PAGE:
Manufacturers are always looking for reasons to put new laptops on the market. Microsoft has recently given one: Windows 10. Also Lenovo has seized this opportunity by releasing a host of new notebooks, pre-loaded with the Microsoft’s latest OS. One such a model is Lenovo G50-80 (80E502SXUS), a Core i7 powered laptop with 15-inch display and terabyte hard drive. In this review, I’m going to concentrate on its features, and essentially, whether this model would be a good choice for you or not.
Like most modern notebooks, also Lenovo G50-80 (80E502SXUS) relies on low voltage processor technology. Such a CPU brings acceptable performance but more importantly low energy consumption and heat buildup. The processor in question, Intel Core i7-5500U, indeed offers a nice 2.4GHz clock speed (with 3.0GHz turbo) on its two cores. This translates to ~4000 CPU Mark points which clearly beats the little brother i5-5200U that reaches around 3500 points in the same test. However, the difference is not big, and not many home users would ever notice better performance switching from i5 to i7. Nonetheless, if you want that extra juice, i7 should be your choice.
The laptop has 8GB memory which is more than most people would need in 2015 (or 2016, to that matter). There was no information available whether it came on one 8GB or two 4GB sticks. However, the most memory this laptop takes is 16GB, which is essential only for a handful of professionals. If you’re not sure if you need so much, you probably don’t, so 8GB is the way to go.
The hard drive here is big, offering a full terabyte to save your files on. Spindle speed being 5400RPM the performance can’t be praised a lot. If you’re worried about that, the only way to fix this would be to replace the current drive with a solid-state drive. It takes a little bit work but shouldn’t be an overwhelming task at all.
Is it good for gaming?
Lenovo G50-80 (80E502SXUS) works for gaming like any other notebook with am integrated graphics card. In another words, not so good. The Intel HD 5500 card can surely take most games you throw at it, but not every title would work with high settings. Here are some examples:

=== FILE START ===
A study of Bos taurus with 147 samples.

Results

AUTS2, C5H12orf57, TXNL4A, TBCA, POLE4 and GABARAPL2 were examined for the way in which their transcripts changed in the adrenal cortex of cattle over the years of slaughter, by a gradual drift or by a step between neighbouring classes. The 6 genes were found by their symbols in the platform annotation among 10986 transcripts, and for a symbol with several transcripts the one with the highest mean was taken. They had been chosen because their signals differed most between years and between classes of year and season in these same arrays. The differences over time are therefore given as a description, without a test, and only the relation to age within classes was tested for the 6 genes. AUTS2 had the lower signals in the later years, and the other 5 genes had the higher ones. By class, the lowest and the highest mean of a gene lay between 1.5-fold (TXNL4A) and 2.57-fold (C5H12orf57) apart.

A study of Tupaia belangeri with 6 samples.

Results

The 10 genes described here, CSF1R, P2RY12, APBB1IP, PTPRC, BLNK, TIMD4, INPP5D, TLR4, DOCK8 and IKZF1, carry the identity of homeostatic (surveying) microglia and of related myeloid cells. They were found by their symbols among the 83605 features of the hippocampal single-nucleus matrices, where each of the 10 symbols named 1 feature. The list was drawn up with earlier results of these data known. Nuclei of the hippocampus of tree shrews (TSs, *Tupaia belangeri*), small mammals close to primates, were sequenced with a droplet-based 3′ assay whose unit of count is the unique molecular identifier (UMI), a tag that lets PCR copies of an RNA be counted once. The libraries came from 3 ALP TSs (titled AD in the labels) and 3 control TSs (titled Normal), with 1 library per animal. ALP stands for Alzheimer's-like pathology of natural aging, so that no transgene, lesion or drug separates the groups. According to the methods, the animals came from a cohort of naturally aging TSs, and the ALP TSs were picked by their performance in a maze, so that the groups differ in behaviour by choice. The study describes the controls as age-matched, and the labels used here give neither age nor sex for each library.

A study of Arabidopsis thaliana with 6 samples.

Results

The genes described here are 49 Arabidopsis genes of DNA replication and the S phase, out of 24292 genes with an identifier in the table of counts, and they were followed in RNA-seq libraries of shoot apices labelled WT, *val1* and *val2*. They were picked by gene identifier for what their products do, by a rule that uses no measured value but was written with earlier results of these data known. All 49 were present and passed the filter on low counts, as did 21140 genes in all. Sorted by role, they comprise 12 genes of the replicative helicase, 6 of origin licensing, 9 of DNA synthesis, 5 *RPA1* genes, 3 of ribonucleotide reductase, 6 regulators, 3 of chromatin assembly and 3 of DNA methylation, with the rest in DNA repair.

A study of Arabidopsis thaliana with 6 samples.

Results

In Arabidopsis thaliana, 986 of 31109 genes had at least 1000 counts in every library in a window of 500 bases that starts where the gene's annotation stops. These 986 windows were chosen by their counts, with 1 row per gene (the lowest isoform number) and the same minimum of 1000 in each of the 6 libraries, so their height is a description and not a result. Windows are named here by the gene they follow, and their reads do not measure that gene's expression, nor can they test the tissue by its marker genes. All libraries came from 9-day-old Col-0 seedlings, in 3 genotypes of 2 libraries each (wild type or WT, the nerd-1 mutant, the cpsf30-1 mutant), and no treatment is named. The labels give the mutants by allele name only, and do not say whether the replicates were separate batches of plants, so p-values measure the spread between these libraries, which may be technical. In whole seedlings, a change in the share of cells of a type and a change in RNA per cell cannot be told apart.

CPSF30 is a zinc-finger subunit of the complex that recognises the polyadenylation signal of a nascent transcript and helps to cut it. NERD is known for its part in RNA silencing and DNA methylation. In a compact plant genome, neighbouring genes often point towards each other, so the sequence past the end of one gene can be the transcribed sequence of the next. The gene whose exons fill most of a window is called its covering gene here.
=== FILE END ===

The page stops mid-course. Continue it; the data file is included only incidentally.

– The Witcher 3, 720p and low settings: ~10 FPS
– GTA 5, 720p and medium settings: ~25 FPS
– League of Legends, 720p and medium settings: +40FPS
Comments about the display
There’s a 15.6″ screen in Lenovo G50-80 (80E502SXUS), it has no support for touch and resolution is 1366×768. Very basic yes, but not many home users would need anything fancier. And as the operating system is touchpad-friendly Windows 10, a touchscreen is not necessary anyway.
Lenovo G50-80 (80E502SXUS) includes three USB ports. One of them is USB 3.0, marked with a blue connector. The others are USB 2.0. On the left, there are also HDMI and VGA outputs, plug in a monitor (or HDTV) to them and use the laptop with an external screen.
Optical drive is located on the right, it’s good for CD/DVD reading and burning. Card reader for SD and MMC formats is also installed, useful if you have memory cards around.
There’s AC WiFi + Bluetooth 4.0 card ready to connect to your router or modem. 10/100Mbps RJ-45 port seems to be available, too.
The notebook also features a 720p webcam, open up Skype and say hello to your friends if you wish.
Any other important things?
Unfortunately, there’s not much information available about the battery life of Lenovo G50-80 (80E502SXUS). The manufacturer promises up to 4 hours, that might be true if screen brightness is low and you’re surfing the web.
The laptop weighs 4.63 pounds which is a bit less than an average 15.6″ model of 5 pounds.
Operating system is Windows 10 Home.
Keyboard is not backlit on this unit. Numeric keypad is installed on the right hand side.
Lenovo G50-80 (80E502SXUS) is a laptop for power users, I’d say. It has components geared towards heavier use, think of types like multimedia editing or programming. The 1000GB hard drive can also take a lot of data, so someone with huge files won’t run out of space as fast as he would on a regular 500GB drive. To further speed up the computer, you could also replace the HDD with a solid-state drive. One negative thing would be 1366×768 resolution, it’s not uncommon to see a Full HD screen in this pricey notebooks. That’s the biggest culprit, and to be honest it depends from person to person if the resolution really matters. If you’re good to go with 720p, I’d recommend this notebook because of its brilliant components and trusted brand of Lenovo.